Price floor and price ceiling
A far-reaching caution towards market mechanisms in emissions abatement can be observed even in the fully-operational phase of the Australian cap-and-trade, that is in the flexible charge years.
In the first three of these flexible charge years the scope of the Australian emission market will be delineated by a price ceiling and price floor.
According to the above-mentioned Commentary on Provisions of the ‘Exposure Draft of the Clean Energy Bill 2011’ the price floor will operate by a minimum reserve auction price for carbon units and a surrender charge for eligible international emissions units. The level of the price floor will start at $15 and rise in real terms by 4 per cent per year.
The price ceiling on the other hand will operate by the regulator issuing fixed charge carbon units that will be similar to the fixed charge carbon units for the fixed charge period. The level of the price ceiling will be set in regulations at $20 above the international price in 2015-16 and will rise in real terms by 5 per cent per year. The amount of the price ceiling issued in 2016-17 and 2017-18 will rise by 5 per cent in real terms per year, allowing for 2.5 per cent inflation per year, which is the midpoint of the Reserve Bank of Australia‘s target range (that is, the carbon price for the preceding year × 1.05 × 1.025, rounded to nearest 5 cents).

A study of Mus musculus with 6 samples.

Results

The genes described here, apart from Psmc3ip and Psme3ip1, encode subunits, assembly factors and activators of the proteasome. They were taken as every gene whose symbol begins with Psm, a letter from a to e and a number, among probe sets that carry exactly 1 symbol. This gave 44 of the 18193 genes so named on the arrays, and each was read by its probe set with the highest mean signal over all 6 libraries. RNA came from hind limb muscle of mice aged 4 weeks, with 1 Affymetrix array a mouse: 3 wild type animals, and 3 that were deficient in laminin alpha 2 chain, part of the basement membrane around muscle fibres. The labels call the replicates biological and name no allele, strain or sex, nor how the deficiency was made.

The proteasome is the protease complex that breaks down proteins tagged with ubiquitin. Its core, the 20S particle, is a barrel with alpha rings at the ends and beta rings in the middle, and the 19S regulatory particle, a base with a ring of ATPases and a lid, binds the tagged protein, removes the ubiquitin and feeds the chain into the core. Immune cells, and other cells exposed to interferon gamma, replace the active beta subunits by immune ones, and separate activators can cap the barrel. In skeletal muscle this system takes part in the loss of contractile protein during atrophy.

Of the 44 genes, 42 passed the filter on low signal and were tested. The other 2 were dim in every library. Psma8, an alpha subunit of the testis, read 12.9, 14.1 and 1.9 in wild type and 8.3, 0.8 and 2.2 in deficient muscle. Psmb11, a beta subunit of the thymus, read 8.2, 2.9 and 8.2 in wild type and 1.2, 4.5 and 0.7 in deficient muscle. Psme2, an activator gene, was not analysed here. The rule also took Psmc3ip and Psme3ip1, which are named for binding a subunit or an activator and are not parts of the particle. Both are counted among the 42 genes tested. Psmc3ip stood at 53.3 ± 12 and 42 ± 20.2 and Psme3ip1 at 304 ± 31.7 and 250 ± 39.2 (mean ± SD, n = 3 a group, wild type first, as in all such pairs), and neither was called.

Although it is difficult now to precisely address the impact of these provisions on the international emission market, within the national Australian industry the price ceiling will undoubtedly have an important role of limiting risks flowing from new environmental policies. It is envisioned that to provide liable entities with certainty over the level of the price ceiling, the regulator will publish its exact value in advance of each compliance year. This will allow liable entities to determine the maximum cost of compliance – something that is really lacking in the EUETS.